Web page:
NFU Scotland President Calls for Politicians to Make Food Security the Number One Priority

Presidential address to #NFUS2023 AGM in Glasgow commits to lobbying in best interests of farmers and crofters

NFU Scotland President Martin Kennedy has used his address to the Union’s AGM, Conference and annual dinner in Glasgow to call on politicians to ignore ill-informed rhetoric and focus on what farming and crofting can and will deliver for Scotland in the future.

The Union’s event, which returned to an in-person format for the first time since 2020, will be held on Thursday 9 February and Friday 10 February at the Radisson Blu hotel with more than 420 attending the annual dinner on Thursday evening.

Addressing delegates, Mr Kennedy said: “We, as a union are absolutely committed to lobbying Governments to make sure correct political decisions are made in the best interests of our members.  We will also take responsibility for addressing the challenges we face around delivering on climate change and for the environment and we will deliver more for the wider benefit of society. 

“However, there is still too much ill-informed rhetoric from a loud minority within our population on our industry and there are government decision makers on both sides of the border who are unaware of the unintended consequences of their policies. 

“All too often, our ability to produce food, not just ourselves but for others who are less fortunate, is placed at the bottom of the priority pile and viewed as least important.  That fails to recognise that without food production, we will not be able to address any of the many challenges ahead as we will not have the people on the ground with the skills, knowledge and technology to do it for us.

“I have major concerns when it comes to the lack of understanding of what happens in Scotland’s countryside.  As food producers, we are only one per cent of our population.  We deliver the most important energy source of all and yet there is a far bigger percentage who claim to be the experts.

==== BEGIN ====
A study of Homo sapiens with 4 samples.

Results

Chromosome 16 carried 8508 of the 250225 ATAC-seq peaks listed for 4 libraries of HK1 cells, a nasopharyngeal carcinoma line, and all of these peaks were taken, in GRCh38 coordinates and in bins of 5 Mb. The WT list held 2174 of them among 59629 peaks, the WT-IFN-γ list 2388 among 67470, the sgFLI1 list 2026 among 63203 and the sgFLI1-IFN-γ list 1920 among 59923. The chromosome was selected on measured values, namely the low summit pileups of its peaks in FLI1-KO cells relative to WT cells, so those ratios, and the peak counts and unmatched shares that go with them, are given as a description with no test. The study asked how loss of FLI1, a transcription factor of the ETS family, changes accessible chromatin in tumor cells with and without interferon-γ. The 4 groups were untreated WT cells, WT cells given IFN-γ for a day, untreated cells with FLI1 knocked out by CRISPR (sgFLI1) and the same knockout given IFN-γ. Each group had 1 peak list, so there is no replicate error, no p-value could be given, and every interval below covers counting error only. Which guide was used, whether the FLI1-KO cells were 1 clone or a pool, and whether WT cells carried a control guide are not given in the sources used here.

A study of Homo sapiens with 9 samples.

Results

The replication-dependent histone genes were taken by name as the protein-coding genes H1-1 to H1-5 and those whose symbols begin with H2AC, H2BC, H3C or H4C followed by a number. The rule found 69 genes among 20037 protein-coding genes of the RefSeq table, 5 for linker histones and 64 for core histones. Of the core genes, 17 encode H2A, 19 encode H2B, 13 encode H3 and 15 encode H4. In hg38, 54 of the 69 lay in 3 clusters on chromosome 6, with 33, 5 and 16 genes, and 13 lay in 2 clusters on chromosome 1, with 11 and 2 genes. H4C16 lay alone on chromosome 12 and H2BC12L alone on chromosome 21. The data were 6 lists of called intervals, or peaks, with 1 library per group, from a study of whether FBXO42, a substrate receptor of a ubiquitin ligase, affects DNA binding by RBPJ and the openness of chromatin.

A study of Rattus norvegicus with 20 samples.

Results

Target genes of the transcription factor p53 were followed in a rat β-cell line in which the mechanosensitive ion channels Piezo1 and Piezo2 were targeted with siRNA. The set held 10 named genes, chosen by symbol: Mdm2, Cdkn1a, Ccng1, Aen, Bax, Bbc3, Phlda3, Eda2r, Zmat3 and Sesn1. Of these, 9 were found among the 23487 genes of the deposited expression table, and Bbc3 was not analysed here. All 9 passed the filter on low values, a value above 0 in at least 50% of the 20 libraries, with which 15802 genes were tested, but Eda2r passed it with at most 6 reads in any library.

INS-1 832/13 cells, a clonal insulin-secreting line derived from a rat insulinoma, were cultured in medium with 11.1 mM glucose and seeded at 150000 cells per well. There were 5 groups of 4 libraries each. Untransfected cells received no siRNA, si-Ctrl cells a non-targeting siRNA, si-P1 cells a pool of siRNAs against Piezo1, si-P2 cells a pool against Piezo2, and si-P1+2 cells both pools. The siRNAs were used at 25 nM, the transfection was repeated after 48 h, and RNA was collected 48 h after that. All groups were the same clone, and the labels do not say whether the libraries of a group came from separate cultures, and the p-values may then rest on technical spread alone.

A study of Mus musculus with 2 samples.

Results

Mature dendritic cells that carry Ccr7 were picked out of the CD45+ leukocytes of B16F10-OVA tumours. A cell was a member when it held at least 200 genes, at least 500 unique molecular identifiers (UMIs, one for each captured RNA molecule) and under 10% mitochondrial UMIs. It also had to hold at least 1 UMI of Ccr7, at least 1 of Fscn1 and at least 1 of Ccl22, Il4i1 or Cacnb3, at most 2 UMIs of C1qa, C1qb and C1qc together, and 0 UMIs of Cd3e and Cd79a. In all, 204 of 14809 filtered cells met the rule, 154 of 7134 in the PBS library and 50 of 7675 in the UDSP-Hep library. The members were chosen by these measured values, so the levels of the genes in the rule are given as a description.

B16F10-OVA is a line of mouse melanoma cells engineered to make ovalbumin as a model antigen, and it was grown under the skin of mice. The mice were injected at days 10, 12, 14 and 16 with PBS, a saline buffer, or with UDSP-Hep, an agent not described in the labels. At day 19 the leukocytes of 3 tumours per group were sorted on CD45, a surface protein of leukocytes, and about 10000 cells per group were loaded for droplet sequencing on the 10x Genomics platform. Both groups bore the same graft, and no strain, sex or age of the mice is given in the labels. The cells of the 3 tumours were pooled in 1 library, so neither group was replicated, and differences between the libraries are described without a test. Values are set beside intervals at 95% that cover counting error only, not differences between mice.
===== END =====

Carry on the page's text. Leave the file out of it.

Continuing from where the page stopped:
“Thanks to farmers and crofters, the vast majority of the population go about their daily lives with few concerns about how their food arrives on their plates because of a remarkable, underestimated industry with primary producers as its cornerstone, that has risen to the challenge of keeping our shelves full.”

In his speech, Mr Kennedy highlighted that many of the political decisions made at a UK level currently affecting the industry were made by those no longer in post.  Since the Union’s AGM was last held in person in 2020, the industry has dealt with three different Prime Ministers, three Chancellors, three Secretaries of State for DEFRA and three Home Secretaries.

“The lessons learned from Brexit, the Covid pandemic and the devastating war in Ukraine, must open government’s eyes in terms of what is important right now and the critical role that the nation’s food producers play.” he said. 

From a Scottish perspective, as a result of the Bute House agreement, Mr Kennedy also identified a real hardening of the green agenda as: “seriously worrying not only from a food security point of view, but also from an environmental perspective due to the lack of understanding of how our rural landscape works.

“If we get our future policy for Scottish agriculture wrong, and listen to the ideology of those blinkered people who cannot see the wider picture, then we will go in a backward direction in terms of delivering the wider benefits to society that we all want to see.  Poor policy will drive change on an unimaginable scale and it will not be farmers and crofters that will be jumping, it will be our consumers who will point out that this happened on the watch of a government who were taken in by false rhetoric.    
“To get our future policy correct, we must listen more to those who live and breathe this industry.”  


Contact Bob Carruth on 07788 927675

Author: Bob Carruth

Date Published:

News Article No.: 11/23


Bob Carruth

A dairy farmer’s son, I joined NFU Scotland in 1999 after 13 years as an agricultural journalist. Following spells as a regional manager and policy lead on milk, livestock and animal health and welfare, I became Communications Director in 2008.